Little Building lightwell noises bother first-year students

Skywell+of+the+Little+Building.

Photo: Zhihao Wu

Skywell of the Little Building.

By Bailey Allen, Deputy Enterprise Editor

Little Building residents who live in a lightwell-facing room say their sleep, class, and work schedules are being disrupted by the recurrence of intrusive voices and loud music echoing off the building’s walls until the early hours of the morning. 

Lightwells—unroofed air shafts within large buildings—allow light and fresh air to enter the 198 inward-facing dorm rooms housing first-year students. Since the fall semester, some students who reside in the lightwell rooms have filed noise complaints due to loud noises that occur past the residence hall’s set “quiet hours” of 11 p.m. to 9 a.m. Sunday through Thursday and from 1 a.m. to 10 a.m. on Fridays and Saturdays.

Nick Powell, a first-year visual and media arts major, lives on the building’s eighth floor—in the lightwell facing the green-colored common room. He said every time he opens his window, he is in for a clamorous surprise. 

“I wake up every day and I don’t know if I’m gonna hear Gwen Stefani or Wonderwall or just people screaming,” Powell said. “I’m not usually trying to sleep because I don’t go to bed until like 4 a.m., but still, it’s not nice.”

He said closing the window minimizes the noise, but the varying temperatures of his dorm room make it hard to keep them shut. 

Get This Week's News

All the big stories delivered to your inbox every Thursday morning 

“When the thermostat doesn’t really work, you open the window and you let some cool air in, but then you’re also letting in ‘No Scrubs’ by TLC,” Powell said. “It’s kind of a trade-off.”

Roommates Nathalie Calvillo, a first-year visual and media arts major, and Sara Fergang, a first-year writing, literature and publishing major, filed a noise complaint when the lightwell sounds became too much to bear. They also live in the green-colored lightwell, but on the 10th floor.

“Last semester, we called a noise complaint,” Calvillo said. “It was like one in the morning on a school night. I know it’s hard to pinpoint it within the lightwell, so I get that it’s hard to control, but I don’t expect much–just a little bit of peace. An RA finding the source of it and being like, ‘Hey, people are complaining,’ is really all I ask for.”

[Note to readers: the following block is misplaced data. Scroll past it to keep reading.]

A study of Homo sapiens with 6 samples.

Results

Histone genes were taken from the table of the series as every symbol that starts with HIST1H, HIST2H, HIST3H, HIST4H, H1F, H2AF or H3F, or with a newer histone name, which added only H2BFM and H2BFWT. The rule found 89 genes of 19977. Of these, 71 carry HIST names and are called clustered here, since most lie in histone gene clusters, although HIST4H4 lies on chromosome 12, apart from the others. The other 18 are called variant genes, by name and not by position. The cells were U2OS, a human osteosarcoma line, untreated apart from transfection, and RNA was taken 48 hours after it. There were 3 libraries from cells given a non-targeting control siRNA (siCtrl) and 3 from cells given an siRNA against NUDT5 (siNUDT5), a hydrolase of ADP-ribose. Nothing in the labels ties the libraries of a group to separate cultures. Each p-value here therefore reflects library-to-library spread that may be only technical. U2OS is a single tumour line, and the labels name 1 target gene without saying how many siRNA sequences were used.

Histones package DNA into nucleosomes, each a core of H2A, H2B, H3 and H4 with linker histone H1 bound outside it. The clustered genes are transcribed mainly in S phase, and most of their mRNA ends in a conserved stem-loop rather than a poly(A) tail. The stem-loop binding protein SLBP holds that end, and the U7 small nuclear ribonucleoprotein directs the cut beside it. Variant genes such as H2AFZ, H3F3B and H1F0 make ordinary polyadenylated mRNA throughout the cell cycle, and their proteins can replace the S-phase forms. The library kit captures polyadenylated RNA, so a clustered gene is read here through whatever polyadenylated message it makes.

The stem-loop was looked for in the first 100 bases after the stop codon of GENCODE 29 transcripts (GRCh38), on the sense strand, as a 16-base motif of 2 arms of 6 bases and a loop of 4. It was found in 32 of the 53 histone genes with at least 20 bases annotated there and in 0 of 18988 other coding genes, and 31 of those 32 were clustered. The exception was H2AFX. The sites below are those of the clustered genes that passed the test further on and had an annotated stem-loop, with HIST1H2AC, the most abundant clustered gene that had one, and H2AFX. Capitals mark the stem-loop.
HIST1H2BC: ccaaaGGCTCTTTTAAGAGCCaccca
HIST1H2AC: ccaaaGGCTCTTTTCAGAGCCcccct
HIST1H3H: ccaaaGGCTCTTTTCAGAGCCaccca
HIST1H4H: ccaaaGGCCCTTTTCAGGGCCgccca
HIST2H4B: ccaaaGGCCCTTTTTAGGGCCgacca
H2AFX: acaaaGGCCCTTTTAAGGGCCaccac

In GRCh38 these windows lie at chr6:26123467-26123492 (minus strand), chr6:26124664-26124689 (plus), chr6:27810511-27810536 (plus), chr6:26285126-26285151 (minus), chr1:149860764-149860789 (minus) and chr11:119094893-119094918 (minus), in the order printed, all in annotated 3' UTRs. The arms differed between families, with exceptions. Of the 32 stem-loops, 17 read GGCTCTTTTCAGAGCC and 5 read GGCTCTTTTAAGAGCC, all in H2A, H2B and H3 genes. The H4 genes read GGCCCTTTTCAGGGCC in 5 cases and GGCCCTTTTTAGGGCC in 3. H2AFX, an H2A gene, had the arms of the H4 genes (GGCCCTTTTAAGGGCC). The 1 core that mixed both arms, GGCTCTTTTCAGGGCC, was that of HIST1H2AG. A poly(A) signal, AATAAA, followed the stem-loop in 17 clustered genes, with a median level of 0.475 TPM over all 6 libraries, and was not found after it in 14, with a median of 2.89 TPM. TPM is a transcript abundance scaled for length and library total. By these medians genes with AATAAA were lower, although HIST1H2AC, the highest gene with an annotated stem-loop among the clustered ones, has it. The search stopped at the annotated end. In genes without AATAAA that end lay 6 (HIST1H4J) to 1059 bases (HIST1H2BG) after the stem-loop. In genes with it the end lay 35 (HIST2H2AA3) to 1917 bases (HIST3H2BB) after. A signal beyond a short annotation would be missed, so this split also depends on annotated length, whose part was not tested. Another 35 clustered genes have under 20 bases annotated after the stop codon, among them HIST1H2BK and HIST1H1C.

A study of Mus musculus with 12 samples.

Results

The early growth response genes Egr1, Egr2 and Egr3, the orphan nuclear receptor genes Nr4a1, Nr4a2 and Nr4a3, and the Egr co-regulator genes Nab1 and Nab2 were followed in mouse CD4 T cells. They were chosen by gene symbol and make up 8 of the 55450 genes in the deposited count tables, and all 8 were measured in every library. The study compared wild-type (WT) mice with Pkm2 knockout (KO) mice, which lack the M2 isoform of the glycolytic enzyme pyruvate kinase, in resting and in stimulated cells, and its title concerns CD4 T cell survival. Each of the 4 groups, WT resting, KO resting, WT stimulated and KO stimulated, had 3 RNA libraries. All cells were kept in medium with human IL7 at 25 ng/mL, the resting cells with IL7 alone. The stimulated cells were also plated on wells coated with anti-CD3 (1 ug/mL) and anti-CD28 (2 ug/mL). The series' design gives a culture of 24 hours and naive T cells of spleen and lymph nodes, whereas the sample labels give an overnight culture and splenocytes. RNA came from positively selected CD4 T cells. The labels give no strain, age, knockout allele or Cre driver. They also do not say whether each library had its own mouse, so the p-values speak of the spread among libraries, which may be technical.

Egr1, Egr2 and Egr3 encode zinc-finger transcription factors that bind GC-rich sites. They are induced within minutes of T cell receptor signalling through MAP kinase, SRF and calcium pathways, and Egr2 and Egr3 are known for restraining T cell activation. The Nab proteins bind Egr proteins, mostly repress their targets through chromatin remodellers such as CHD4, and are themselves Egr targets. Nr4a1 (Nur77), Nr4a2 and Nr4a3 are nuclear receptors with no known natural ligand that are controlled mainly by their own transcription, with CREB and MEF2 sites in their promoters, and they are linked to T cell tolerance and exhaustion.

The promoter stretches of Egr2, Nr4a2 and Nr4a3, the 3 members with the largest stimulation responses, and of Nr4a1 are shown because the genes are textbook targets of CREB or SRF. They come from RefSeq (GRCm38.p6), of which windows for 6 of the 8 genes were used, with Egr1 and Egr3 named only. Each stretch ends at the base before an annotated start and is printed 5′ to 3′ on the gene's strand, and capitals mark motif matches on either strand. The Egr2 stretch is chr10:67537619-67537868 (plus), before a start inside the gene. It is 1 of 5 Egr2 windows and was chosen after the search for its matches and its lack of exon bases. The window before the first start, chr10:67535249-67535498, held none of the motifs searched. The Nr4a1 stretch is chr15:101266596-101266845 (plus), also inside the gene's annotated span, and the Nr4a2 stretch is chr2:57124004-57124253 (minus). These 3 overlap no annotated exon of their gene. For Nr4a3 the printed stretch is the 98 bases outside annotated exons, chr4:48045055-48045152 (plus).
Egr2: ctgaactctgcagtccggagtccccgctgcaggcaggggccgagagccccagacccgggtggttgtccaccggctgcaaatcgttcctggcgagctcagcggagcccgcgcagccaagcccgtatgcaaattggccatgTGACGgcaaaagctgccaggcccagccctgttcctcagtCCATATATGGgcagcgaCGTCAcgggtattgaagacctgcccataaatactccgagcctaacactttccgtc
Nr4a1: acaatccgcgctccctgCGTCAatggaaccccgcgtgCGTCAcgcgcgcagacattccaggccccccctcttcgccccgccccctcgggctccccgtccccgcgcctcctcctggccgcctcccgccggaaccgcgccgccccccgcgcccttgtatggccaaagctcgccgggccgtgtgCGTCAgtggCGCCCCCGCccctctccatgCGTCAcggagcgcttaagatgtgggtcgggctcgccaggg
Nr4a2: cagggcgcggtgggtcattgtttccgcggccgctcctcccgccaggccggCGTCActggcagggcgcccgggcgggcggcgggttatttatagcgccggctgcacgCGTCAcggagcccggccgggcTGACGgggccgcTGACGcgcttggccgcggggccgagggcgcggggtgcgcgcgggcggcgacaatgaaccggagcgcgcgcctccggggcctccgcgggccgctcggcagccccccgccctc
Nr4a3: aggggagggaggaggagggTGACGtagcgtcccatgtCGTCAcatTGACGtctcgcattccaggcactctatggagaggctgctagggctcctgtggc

On Feb. 8, Little Building Resident Director Britt Locklin sent an email to all of the lightwell-facing residents.

“It has come to our attention that there have been multiple community disruptions coming from the rooms that face into the lightwells,” she wrote. “This has included music, screaming, and other loud and inappropriate occurrences.”

Locklin outlined the repercussions students may face if they are caught deliberately making loud noises in the lightwell.

“If this behavior continues, formal action through the Community Standards and Student Conduct process may occur to people in violation,” the email read. “We ask that residents of the lightwell rooms report noise disturbances to the RAs on duty for your respective area immediately so that we can address concerns at the moment it happens.”

Locklin declined The Beacon’s request for comment. 

Caitlin Farrell, a first-year visual and media arts major whose room is on the 12th floor of the yellow-colored lightwell said deliberately making loud noises, especially in the middle of the night, is disrespectful to the students who have class or work early in the morning.

“You don’t know what people are doing and what they’re trying to work on,” Farrell said. “What if they’re in class on Zoom and they can’t focus because you’re playing music? Or what if it’s really late and somebody has an 8 a.m. or work the next day that they need to get up and be responsible for?”

Katie Broderick, a theater and performance major who lives in the blue-colored lightwell on the 10th floor, said she understands the appeal of connecting with other students through means of the lightwell, but draws the line when it becomes disruptive.

“The first few weeks I was here, I thought it was kind of fun,” Broderick said. “People were in isolation for a week so no one was able to communicate any other way. That’s fine. We didn’t really have much going on but now, since it’s constant and during school nights, it’s annoying and inconsiderate.”

Besides back-and-forth discourse, bizarre noises are among the sounds Broderick said she’s heard from the lightwell.

“One time I heard someone doing Elmo impressions at like one in the morning, just really loudly,” she said. “And I’ve heard people yelling ‘shut up’ when others have been being loud.”

Fergang said she hopes the “quiet hours” signs in the Little Building will resonate with students.

“Courtesy hours are 24/7,” she said. “I don’t care if I hear noise, but if it’s yelling and loud enough so anyone in the lightwell can hear it, that’s when it becomes a problem—even when it’s just 3 p.m. on a school day.”

Powell said he understands the woes of being in college during a pandemic, but believes lightwell residents should quiet down for the sake of their peers.

“If you’re reading this right now, I know it’s hard out there,” he said. “I know that it’s hard to sleep and you want to play music but just wait until, like, 8 a.m., if you don’t mind.”